After months of wrangling, it all finally comes to an end today as the major Wall Street brokerage firms are agreeing to pay some $1.4 billion to settle charges of biased and misleading research. And after years of campaigning for such reforms, The Motley Fool looks upon this as a landmark day -- especially since the settlement includes reforms that will help curb future abuses.

The largest fine -- $400 million -- was levied against Citigroup(NYSE: C), and the rest will pay between $80 million and $200 million. The dozen firms involved include Credit Suisse First Boston(NYSE: CSR), Salomon Smith Barney(NYSE: SSB), Bear Stearns(NYSE: BSC), Deutsche Bank(NYSE: DB), Goldman Sachs(NYSE: GS), J.P. Morgan Chase(NYSE: JPM), Lehman Brothers(NYSE: LEH), Morgan Stanley(NYSE: MWD), and UBS Warburg(NYSE: UBS). Merrill Lynch(NYSE: MER) has already settled.

More important than the fines, however, is the fact the companies are agreeing to sweeping changes in the way they do business. No longer will stock analysts' pay be tied to the amount of investment-banking business they generate. No longer will the firms be able to "spin" IPO shares to executives in exchange for future business. Each of these companies will also be required to contract with no less than three independent research firms that will provide research to the brokerage firm's customers.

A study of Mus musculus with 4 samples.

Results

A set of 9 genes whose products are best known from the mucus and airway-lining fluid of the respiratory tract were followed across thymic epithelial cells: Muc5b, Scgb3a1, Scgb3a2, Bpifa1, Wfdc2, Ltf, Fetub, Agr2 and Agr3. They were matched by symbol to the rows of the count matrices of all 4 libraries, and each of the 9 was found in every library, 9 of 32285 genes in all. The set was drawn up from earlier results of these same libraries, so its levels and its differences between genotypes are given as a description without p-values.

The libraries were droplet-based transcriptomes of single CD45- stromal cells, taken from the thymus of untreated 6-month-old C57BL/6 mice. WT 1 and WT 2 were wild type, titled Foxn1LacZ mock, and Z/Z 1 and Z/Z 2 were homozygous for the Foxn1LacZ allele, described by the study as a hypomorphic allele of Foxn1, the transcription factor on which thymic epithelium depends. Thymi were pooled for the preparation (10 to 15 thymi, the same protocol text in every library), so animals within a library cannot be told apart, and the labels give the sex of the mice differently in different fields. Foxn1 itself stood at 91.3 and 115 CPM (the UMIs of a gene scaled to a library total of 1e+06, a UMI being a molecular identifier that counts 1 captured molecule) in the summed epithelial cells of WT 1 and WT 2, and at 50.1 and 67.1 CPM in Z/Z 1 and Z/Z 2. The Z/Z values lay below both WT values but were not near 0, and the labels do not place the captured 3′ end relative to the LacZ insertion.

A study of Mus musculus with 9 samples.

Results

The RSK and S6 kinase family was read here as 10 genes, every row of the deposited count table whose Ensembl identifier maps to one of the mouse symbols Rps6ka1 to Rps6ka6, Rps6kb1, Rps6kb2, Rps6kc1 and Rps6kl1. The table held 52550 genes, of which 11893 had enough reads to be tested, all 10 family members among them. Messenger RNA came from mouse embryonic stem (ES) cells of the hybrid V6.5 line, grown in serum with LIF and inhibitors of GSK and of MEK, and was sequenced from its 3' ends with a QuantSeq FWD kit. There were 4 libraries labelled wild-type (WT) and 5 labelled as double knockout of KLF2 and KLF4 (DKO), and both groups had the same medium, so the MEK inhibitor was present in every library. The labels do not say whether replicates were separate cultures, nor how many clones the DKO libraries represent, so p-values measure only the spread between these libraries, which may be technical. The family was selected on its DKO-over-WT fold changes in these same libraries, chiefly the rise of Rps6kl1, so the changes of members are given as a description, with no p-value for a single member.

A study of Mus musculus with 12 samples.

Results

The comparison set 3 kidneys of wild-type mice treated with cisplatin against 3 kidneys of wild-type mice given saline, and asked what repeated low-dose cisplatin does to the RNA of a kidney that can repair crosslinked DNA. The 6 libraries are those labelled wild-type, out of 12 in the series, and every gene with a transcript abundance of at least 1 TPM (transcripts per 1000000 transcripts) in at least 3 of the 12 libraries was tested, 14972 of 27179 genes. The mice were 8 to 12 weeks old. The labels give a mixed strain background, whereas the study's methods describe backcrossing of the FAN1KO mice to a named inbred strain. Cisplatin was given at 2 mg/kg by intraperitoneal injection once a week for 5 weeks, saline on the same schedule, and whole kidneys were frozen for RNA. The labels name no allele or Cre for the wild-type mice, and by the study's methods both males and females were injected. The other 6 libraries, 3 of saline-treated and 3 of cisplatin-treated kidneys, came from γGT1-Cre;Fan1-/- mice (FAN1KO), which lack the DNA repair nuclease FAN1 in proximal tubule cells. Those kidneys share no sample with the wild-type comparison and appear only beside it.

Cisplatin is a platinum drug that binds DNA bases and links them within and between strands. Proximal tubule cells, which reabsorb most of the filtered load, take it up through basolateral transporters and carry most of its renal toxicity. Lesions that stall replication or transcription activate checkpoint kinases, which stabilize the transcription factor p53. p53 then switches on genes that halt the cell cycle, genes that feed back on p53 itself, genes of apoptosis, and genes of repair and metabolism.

"This agreement will permanently change the way Wall Street operates," said New York Attorney General Eliot Spitzer, who teamed with the SEC and other agencies to enact the settlement. "Our objective throughout the investigation and negotiations has been to protect the small investor and restore integrity to the marketplace. We are confident that the rules embodied in this agreement will do so."

The agreement doesn't include criminal punishment for individuals involved, but that could come later. Some of the fine money will go toward "investor restitution."

We know today's settlement doesn't scrub Wall Street clean of conflicts of interest and other abuses. We'll still have to keep our Eyes on the Wise. However, this is a huge win for individual investors, and perhaps a precursor of better things to come.